Globally renowned Italian comic book artist Mirka Andolfo, creator of the steamy series “Sweet Paprika,” is releasing a new comic titled “Blasfamous.” The story is set in a world where pop stars have ascended to divinity, dominated by a singer named Clelia who is loosely inspired by Lady Gaga.
The new eros-infused horror comic launches on Feb. 21 published by new American digital comics imprint Dstlry, co-founded by former Amazon execs David Steinberger and Chip Mosher.
Last year, Andolfo won a prestigious Harvey Award for “Sweet Paprika” — which was optioned by former Netflix exec Erik Barmak’s Wild Sheep for an animated series adaptation — and has been collaborating with DC Comics since 2015. She has done artwork for titles such as “Wonder Woman,” “Harley Quinn,” “DC Bombshells” and the upcoming “Batman: White Knight Presents – Generation Joker.”
In “Blasfamous,” Andolfo depicts a world where pop music stars “are venerated like saints,” she says, adding that “they trade their souls for fame and social media followers.” The series asks the crucial question: “How many fans is your soul worth?”
With the masses bowing in veneration to a new generation of idols, Clelia, the reigning queen of pop, finds her throne shaken by a newcomer who radiates enigmatic charm.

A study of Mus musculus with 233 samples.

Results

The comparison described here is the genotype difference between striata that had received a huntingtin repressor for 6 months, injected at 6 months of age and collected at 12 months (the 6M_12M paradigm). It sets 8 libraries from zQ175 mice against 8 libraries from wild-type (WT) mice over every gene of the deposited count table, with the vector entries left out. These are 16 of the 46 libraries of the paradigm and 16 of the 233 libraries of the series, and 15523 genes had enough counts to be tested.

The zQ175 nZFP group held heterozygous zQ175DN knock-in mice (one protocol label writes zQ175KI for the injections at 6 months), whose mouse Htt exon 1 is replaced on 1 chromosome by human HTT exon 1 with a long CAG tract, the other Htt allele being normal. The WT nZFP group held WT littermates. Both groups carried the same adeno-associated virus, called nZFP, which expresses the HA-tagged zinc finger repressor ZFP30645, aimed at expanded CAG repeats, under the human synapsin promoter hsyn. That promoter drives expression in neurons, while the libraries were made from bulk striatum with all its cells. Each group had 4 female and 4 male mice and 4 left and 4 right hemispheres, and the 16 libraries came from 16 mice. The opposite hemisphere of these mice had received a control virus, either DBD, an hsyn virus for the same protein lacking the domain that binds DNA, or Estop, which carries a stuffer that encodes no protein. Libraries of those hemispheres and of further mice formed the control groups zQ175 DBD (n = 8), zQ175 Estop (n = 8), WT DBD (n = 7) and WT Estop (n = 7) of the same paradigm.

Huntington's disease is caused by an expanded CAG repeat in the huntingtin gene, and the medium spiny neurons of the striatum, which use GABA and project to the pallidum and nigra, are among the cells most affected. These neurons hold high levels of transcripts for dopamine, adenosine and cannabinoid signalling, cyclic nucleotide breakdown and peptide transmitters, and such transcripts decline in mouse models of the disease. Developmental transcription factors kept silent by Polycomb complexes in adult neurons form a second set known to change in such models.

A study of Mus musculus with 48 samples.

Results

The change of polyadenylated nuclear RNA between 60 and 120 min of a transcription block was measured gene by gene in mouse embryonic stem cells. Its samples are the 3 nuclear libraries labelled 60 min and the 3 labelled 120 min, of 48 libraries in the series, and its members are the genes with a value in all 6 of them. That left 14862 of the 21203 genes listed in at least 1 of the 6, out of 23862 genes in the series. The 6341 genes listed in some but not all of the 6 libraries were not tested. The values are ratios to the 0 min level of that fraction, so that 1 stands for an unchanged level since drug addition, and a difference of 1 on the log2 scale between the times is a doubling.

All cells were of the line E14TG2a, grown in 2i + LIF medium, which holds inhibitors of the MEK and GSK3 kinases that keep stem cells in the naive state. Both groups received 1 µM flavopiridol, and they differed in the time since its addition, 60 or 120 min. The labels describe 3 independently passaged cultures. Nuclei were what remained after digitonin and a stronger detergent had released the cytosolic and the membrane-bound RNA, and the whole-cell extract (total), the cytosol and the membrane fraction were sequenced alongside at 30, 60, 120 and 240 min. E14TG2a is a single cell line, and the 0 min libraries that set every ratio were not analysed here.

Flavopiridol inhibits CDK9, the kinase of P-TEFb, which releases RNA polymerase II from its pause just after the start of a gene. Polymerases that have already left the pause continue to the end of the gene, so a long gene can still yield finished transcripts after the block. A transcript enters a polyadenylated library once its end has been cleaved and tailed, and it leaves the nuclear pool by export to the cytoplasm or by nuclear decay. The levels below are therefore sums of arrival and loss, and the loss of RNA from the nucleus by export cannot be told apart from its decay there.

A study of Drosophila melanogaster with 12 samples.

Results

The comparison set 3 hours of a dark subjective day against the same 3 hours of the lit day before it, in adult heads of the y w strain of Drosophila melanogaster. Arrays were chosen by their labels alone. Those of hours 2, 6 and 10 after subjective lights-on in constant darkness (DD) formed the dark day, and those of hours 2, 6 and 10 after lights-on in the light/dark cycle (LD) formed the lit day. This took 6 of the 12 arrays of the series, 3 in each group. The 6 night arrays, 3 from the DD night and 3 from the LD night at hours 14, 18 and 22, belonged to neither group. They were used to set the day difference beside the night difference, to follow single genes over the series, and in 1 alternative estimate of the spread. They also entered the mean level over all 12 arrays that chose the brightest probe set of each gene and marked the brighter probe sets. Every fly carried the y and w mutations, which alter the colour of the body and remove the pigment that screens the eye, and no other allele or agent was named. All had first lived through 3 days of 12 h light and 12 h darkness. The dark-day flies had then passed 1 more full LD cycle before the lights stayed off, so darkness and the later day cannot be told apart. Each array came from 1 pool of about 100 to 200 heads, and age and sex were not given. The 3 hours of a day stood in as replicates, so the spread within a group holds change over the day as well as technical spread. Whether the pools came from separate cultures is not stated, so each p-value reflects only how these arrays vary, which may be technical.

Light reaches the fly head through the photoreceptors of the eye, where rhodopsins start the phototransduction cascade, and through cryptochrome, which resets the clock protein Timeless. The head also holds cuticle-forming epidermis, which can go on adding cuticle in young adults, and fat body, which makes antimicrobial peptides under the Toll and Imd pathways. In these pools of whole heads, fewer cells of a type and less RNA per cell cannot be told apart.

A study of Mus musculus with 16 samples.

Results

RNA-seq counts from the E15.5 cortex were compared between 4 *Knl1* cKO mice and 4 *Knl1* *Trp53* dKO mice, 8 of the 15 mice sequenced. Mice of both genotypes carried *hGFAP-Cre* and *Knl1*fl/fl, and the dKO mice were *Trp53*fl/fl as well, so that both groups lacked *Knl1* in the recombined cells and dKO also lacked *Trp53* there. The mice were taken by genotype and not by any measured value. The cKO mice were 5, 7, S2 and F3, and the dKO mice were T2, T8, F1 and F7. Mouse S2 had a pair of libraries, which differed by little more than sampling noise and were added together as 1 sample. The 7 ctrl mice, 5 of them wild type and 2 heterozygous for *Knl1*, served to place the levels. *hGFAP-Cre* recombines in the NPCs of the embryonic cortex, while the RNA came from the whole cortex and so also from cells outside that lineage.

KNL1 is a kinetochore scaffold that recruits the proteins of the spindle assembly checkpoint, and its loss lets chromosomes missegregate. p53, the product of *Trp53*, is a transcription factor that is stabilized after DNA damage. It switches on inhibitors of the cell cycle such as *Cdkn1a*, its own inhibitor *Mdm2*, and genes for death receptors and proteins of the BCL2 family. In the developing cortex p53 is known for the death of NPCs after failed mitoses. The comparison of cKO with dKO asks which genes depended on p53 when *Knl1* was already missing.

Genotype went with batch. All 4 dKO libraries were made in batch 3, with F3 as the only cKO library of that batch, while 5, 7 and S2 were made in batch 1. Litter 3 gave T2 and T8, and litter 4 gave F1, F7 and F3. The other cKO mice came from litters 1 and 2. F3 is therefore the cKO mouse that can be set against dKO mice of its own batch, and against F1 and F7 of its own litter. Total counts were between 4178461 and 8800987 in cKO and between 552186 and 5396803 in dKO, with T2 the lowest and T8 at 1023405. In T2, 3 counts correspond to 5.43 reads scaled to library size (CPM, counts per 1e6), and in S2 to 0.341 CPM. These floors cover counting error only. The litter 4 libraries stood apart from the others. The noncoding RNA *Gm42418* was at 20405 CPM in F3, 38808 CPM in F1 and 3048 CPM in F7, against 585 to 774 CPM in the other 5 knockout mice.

For the character of Clelia, Andolfo drew inspiration from Lady Gaga. “Even though you might not think that in terms of the way she looks, but I think it can be intuited,” she says. When Clelia’s reigning status is threatened, she and her “demonic agent,” Father Lev, resort to extreme measures to defend her hot streak. “Blasfamous” blends Andolfo’s signature manga-inspired erotic style with “horror tropes,” she notes.
Asked whether she created “Blasfamous” with a screen adaptation in mind, Andolfo says that, unlike “Sweet Paprika,” she considers this series more congenial for live-action rather than animation.
As for the potential audience for “Blasfamous,” though her series tend to have a strong female viewpoint, Andolfo says that “these days it makes no sense to make female or male-skewed comics.”
“I create and write for everyone, women and men, even though some people try to pigeonhole my work as being more for young women,” she adds.